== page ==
How good causes spend their money is the issue that concerns the public most about charities, according to a poll by the think tank NPC and the polling company Ipsos Mori.
The study, Having Their Say: What the Public Likes and Dislikes About Charities, published today, is based on a poll of 1,009 people who were asked what was the main thing that charities did wrong.
The majority of respondents (43 per cent) either could not think of anything that charities did wrong, did not know or did not give an answer. But of the 600 people who did respond to the question, almost a third (31 per cent) cited how charities used their money; 28 per cent said "what charities do" – NPC says this latter phrase includes concerns about charities achieving their aims, as well as being too businesslike and too political.
The next highest-polling answer was how charities raised money (15 per cent), followed by spending too much money on administration and other running costs (13 per cent). Twelve per cent of the respondents said that charities put too much pressure on the public to donate; 6 per cent cited chuggers as a problem.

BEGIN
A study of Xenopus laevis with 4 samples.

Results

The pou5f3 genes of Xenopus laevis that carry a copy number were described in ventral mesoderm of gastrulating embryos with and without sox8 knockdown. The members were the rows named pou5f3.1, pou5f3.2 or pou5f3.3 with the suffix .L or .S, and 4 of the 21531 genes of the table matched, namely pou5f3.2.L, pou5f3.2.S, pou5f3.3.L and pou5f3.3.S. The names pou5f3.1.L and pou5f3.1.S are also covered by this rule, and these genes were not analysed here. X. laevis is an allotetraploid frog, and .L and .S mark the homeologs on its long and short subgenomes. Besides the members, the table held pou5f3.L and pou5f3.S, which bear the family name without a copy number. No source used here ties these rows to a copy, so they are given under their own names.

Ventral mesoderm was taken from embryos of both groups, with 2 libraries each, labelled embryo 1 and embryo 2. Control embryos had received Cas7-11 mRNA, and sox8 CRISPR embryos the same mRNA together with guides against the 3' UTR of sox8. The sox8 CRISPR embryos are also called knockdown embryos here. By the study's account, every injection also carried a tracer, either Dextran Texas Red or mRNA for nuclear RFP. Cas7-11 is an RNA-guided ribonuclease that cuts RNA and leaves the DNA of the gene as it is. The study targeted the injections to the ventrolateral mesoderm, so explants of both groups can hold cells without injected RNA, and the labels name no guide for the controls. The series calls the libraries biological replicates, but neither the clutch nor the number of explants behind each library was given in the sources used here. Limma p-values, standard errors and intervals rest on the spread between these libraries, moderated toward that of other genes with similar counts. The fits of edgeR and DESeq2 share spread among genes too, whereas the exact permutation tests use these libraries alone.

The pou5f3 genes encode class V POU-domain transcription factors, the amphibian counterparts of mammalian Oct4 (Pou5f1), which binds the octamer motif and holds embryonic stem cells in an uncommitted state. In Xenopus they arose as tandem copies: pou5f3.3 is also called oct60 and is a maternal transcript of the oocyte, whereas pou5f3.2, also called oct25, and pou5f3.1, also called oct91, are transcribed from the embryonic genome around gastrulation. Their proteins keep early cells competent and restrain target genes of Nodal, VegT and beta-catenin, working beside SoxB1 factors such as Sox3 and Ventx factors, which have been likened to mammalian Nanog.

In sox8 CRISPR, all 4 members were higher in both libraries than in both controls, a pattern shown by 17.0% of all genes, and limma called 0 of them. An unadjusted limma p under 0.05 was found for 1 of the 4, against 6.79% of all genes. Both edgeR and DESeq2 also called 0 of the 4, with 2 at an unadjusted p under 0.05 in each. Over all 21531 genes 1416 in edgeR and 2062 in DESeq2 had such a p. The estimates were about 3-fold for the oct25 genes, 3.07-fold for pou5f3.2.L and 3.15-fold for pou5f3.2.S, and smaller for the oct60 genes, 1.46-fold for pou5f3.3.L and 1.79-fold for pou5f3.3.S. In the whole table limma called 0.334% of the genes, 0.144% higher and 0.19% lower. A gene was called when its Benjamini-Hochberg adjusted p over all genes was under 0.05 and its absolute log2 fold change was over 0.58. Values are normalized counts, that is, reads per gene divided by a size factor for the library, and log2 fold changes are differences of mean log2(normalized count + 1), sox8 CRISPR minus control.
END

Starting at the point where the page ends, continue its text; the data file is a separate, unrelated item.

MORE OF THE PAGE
Eighty-two per cent of respondents either agreed or agreed strongly that it was important that charities were clear about how they spent their money.
The poll asked about the public’s attitudes to chief executive pay at charities. Forty-three per cent of respondents either disagreed or strongly disagreed that charity chief executives should be paid the same as those running organisations of similar size in the public or private sectors, and only 22 per cent agreed or strongly agreed.
The report says it is important for charities to understand the public’s likes and dislikes and address concerns if they want to increase trust.
It says: "Improving transparency – and perceptions of transparency – would seem to be a key part of this trust-building. This is not without its risks, especially in the short term. Charities may find themselves confronted with tough questions and greater scrutiny before they feel ready to explain how they work and talk about their changing role. But, in our view, responding to concerns with greater transparency is the best ways to guarantee a strong, trusted sector."